I was listening to Why Be Happy When You Could Be Normal? on Radio 4 this morning, which is based on a new book by Jeanette Winterson. I really enjoyed it and am always pleased when anything about lesbian and gay people’s lives makes it into the mainstream media, but it also made me think about the way our life experiences, particularly of relationships, get represented on TV, the radio and in books and magazines.

Everything I’ve ever read (Sarah Waters novels, Toast by Nigel Slater etc) seems to have the same basic narrative – an unhappy child who feels they don’t fit in in some way, then as a teenager they fall in love with someone of the same sex and suddenly everything makes sense, they are rejected by family/friends/the church, run away to the big city, find other gay people and live happily ever after. I know that this is the experience of an awful lot of people but I’m also really aware of the stories that AREN’T getting told, and what it means for those of us who have never had that beautiful moment of first love to never have our lives reflected in the stories we hear about the experiences of young gay and lesbian people.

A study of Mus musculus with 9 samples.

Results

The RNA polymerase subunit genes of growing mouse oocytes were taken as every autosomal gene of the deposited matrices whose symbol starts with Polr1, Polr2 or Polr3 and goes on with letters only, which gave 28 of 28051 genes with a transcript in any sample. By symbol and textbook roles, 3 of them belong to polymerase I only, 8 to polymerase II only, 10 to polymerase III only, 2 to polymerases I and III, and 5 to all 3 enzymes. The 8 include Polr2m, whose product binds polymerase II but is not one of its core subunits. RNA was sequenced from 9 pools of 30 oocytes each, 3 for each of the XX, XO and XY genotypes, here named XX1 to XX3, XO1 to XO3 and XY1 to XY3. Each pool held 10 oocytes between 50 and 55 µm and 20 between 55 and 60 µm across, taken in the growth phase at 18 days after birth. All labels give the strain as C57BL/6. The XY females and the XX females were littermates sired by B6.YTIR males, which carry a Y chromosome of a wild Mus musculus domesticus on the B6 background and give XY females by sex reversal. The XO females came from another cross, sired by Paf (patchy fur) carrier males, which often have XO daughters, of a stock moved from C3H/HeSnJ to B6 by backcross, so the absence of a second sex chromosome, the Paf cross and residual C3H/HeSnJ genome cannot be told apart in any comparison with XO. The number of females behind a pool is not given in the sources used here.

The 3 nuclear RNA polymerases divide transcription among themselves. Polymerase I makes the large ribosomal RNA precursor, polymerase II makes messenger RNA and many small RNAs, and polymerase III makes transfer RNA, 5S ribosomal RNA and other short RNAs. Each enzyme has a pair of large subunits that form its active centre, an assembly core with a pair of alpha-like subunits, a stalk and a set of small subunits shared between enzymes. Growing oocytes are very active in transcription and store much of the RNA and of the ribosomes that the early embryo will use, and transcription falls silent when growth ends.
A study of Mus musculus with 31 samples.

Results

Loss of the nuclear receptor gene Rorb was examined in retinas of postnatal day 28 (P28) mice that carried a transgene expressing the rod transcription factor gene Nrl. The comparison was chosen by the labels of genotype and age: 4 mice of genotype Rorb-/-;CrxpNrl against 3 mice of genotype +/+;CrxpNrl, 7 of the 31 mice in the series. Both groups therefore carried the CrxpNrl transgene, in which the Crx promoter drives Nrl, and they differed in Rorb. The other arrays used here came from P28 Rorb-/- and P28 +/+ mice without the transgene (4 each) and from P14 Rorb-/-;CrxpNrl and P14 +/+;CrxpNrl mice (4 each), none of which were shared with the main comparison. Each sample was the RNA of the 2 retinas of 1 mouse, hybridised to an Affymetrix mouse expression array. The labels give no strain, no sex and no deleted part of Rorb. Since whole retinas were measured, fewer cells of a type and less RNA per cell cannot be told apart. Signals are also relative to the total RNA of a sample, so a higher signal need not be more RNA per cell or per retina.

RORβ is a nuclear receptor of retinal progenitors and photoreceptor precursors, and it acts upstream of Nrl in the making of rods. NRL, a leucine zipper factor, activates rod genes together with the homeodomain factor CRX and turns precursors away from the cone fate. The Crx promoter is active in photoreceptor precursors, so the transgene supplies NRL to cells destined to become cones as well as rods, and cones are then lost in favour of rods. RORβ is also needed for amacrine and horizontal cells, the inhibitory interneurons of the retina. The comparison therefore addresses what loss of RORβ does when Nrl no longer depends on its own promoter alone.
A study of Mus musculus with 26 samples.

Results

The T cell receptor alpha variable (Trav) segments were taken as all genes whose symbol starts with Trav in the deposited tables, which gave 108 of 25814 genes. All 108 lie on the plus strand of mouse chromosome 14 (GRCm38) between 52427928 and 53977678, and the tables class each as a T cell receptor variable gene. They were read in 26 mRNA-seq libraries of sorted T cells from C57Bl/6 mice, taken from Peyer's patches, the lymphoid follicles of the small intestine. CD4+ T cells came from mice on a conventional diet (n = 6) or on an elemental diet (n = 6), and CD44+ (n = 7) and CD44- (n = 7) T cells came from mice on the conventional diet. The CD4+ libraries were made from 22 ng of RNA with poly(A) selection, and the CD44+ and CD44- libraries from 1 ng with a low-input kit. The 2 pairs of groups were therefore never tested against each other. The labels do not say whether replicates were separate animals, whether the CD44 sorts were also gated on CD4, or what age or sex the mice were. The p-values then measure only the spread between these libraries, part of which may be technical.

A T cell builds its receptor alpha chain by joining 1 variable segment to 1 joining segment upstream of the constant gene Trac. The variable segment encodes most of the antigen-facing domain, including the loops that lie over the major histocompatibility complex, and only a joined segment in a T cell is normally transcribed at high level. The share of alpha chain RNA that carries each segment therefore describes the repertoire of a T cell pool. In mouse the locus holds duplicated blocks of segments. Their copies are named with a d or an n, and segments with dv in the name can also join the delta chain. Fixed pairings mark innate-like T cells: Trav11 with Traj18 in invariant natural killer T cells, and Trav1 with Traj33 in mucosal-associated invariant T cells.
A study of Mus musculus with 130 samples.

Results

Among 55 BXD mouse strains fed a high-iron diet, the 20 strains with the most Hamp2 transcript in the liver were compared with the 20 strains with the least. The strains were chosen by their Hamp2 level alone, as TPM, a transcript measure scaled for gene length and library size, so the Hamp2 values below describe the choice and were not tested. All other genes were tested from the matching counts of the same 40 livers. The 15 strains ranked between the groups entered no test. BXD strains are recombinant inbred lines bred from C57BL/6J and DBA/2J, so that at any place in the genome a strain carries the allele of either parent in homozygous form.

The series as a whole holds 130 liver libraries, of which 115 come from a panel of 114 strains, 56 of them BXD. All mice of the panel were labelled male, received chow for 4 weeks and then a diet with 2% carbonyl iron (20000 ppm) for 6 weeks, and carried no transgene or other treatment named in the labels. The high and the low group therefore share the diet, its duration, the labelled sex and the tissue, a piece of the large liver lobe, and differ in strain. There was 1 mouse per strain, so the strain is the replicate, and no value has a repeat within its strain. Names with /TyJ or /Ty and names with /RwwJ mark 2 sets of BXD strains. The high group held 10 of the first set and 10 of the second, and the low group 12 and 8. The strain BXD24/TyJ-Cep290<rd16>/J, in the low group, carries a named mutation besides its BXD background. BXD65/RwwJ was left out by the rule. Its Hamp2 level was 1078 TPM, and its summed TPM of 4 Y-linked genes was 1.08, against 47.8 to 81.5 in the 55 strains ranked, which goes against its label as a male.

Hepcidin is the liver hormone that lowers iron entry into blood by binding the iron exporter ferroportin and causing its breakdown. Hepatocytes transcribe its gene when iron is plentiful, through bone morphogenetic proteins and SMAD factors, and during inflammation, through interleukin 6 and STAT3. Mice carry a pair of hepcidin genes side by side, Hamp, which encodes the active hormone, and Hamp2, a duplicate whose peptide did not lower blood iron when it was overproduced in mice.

It is in our first same-sex relationship that domestic abuse is most likely to take place. This is because there is very little accurate and positive information or roles models of what a gay relationship and gay sex is supposed to be like and so abusers are able to take advantage of this to make abuse seem normal. This means that for a lot of lesbian, gay and bi people, their first ever relationship with another woman/man was not a wonderful moment of youthful passion, self-realisation and finally feeling ‘at home’ but a thing of confusion, humiliation, shame and despair.

I understand why these stories aren’t being told. We all feel pressure to put out positive propaganda to straight people, to make sure we don’t reinforce any negative stereotypes or give homophobic people any ammunition to use against us. We have to show how great, how well-adjusted, how NORMAL lesbian and gay people are and never portray ourselves or other LGBT people in a bad light.

But I think we need to stop doing this. We can’t allow fear of homophobia to stop us talking amongst ourselves or in the wider public sphere about how sometimes, just like straight relationships, same-sex relationships aren’t happy rose-beds of equality and loveliness. Sometimes, just like straight relationships, they can even involve violence, rape and emotional abuse.  Perpetuating the myth that domestic abuse doesn’t happen in the LGBT community helps no-one but abusers. By keeping quiet and putting on a front, we are hurting and silencing survivors. It’s time we started talking about domestic abuse.